Europe's East

Rada approves new Ukraine government

The new government [Verhovna Rada]

Verhovna Rada, Ukraine’s parliament, voted in a new government yesterday (2 December), putting foreign technocrats in key financial roles and renewing terms for the foreign and defence ministers in a signal that no major change in policy is likely on the rebellious east.

Parliament endorsed Pavlo Klimkin as foreign minister and Stepan Poltorak as defence chief in the cabinet of Arseny Yatseniuk as shelling persisted in eastern Ukraine despite a fresh truce deal between government troops and pro-Russian separatists [see full list here].

Kyiv has been under international pressure to form a new government quickly to tackle Ukraine’s near-bankrupt economy and the months-long separatist crisis after political parties favouring closer relations with the West scored a resounding victory in the October parliamentary election.

“2015 will be even more difficult than the current year,” Yatseniuk told deputies ahead of the vote. “We are ready for the most radical, tough and effective reforms.”

The new cabinet includes foreign technocrats in pivotal posts such as finance minister for Natalie Jaresko, a U.S. citizen, who has worked in Ukraine for more than 20 years after holding various economic positions in the U.S. State Department.

Ukraine has been offered billions of dollars in aid by international lenders if it carries out economic reform and President Petro Poroshenko said the administration would benefit from international specialist input.

The parliamentary vote did not pass without mishap.

The speaker had to call a second ballot after complaints from coalition members – a display of internal disagreement that bodes ill for the parliament’s ability to thrust through the reforms it must deliver to ensure Ukraine gets more Western aid.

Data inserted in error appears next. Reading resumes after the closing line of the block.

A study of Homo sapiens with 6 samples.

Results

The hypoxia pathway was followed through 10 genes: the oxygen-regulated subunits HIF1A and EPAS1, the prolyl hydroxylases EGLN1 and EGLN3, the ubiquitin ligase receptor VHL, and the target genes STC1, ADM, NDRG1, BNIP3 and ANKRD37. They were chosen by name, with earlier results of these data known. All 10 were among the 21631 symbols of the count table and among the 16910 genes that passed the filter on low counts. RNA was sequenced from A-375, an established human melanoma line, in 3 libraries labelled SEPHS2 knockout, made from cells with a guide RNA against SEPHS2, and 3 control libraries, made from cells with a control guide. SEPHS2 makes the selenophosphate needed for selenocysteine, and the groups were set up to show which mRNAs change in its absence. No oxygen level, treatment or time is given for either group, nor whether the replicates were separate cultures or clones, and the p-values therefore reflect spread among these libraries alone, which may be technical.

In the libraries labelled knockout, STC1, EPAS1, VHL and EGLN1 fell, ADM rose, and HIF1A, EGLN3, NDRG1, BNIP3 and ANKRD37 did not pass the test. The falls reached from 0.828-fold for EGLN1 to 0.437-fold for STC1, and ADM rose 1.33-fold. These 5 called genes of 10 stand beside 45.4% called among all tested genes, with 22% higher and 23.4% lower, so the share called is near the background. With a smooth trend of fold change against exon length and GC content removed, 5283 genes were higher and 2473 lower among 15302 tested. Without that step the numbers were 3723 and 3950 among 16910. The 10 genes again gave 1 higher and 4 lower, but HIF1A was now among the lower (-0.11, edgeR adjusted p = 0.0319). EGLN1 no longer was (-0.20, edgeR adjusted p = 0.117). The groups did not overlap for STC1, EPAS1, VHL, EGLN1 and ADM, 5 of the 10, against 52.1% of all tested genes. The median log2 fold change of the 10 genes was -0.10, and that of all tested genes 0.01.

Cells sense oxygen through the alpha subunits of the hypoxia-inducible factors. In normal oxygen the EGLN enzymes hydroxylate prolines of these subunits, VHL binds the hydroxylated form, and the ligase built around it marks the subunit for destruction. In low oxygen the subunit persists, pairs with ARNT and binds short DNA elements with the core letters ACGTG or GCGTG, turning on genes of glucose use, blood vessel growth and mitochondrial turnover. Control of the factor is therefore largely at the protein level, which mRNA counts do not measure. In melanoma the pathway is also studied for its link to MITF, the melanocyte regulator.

The other two foreign appointees to the cabinet were Lithuanian Aivaras Abromavicius, a partner in investment firm East Capital, and Georgian Aleksander Kvitashvili, who are now economy and health ministers, respectively.

Under Poroshenko and Yatseniuk, Kyiv has cut aid to the eastern regions held by pro-Russian rebels since soon after protesters toppled Kyiv’s pro-Moscow president in February.

Fighting has continued despite a ceasefire agreed on 5 September. In the rebel stronghold of Donetsk a senior separatist figure said rival sides agreed a new local truce from 1500 GMT around the city airport.

“But this is 65th time we agree about this. I don’t rule out that there is going to be 66th time,” Andrei Purgin said. Sounds of fighting abated but did not stop. Kyiv said rebels renewed attacks on the airport in the evening.

Russia acknowledges supporting the separatists but denies Western charges of being a party to the armed conflict.


The crisis in Ukraine erupted after its former President Viktor Yanukovich cancelled plans to sign trade and political pacts with the EU in November 2013 and instead sought closer ties with Russia, triggering protests that turned bloody and drove him from power.

Moscow annexed Crimea in March following a referendum staged after Russian forces established control over the Black Sea peninsula in the biggest East-West crisis since the Cold War.

Pro-Russian militants control buildings in more than ten towns in eastern Ukraine after launching their uprising on 6 April. On 11 May pro-Moscow rebels declared a resounding victory in a referendum in Donetsk and Luhansk, which the West called illegal and illegitimate.

The fighting has escalated sharply after Ukrainian President Petro Poroshenko ordered on 1 July an assault on separatists. The EU's resolve to punish Russia strengthened after the downing in Ukraine on 17 July of a Malaysia Airlines passenger plane, killing all 298 people on board. 194 of the passengers were from the Netherlands.

Western leaders say pro-Russian rebels almost certainly shot the airliner down by mistake with a Russian-supplied surface-to-air missile. Moscow has blamed Kyiv for the tragedy.

On 27 August NATO and the U.S. said Russian incursions into Ukraine took an ‘overt and obvious form’ and on 28 August Poroshenko said Russia had invaded Ukraine.

>> Read: Poroshenko says Russia invaded Ukraine

A truce was agreed on 5 September, but the situation has remained volatile.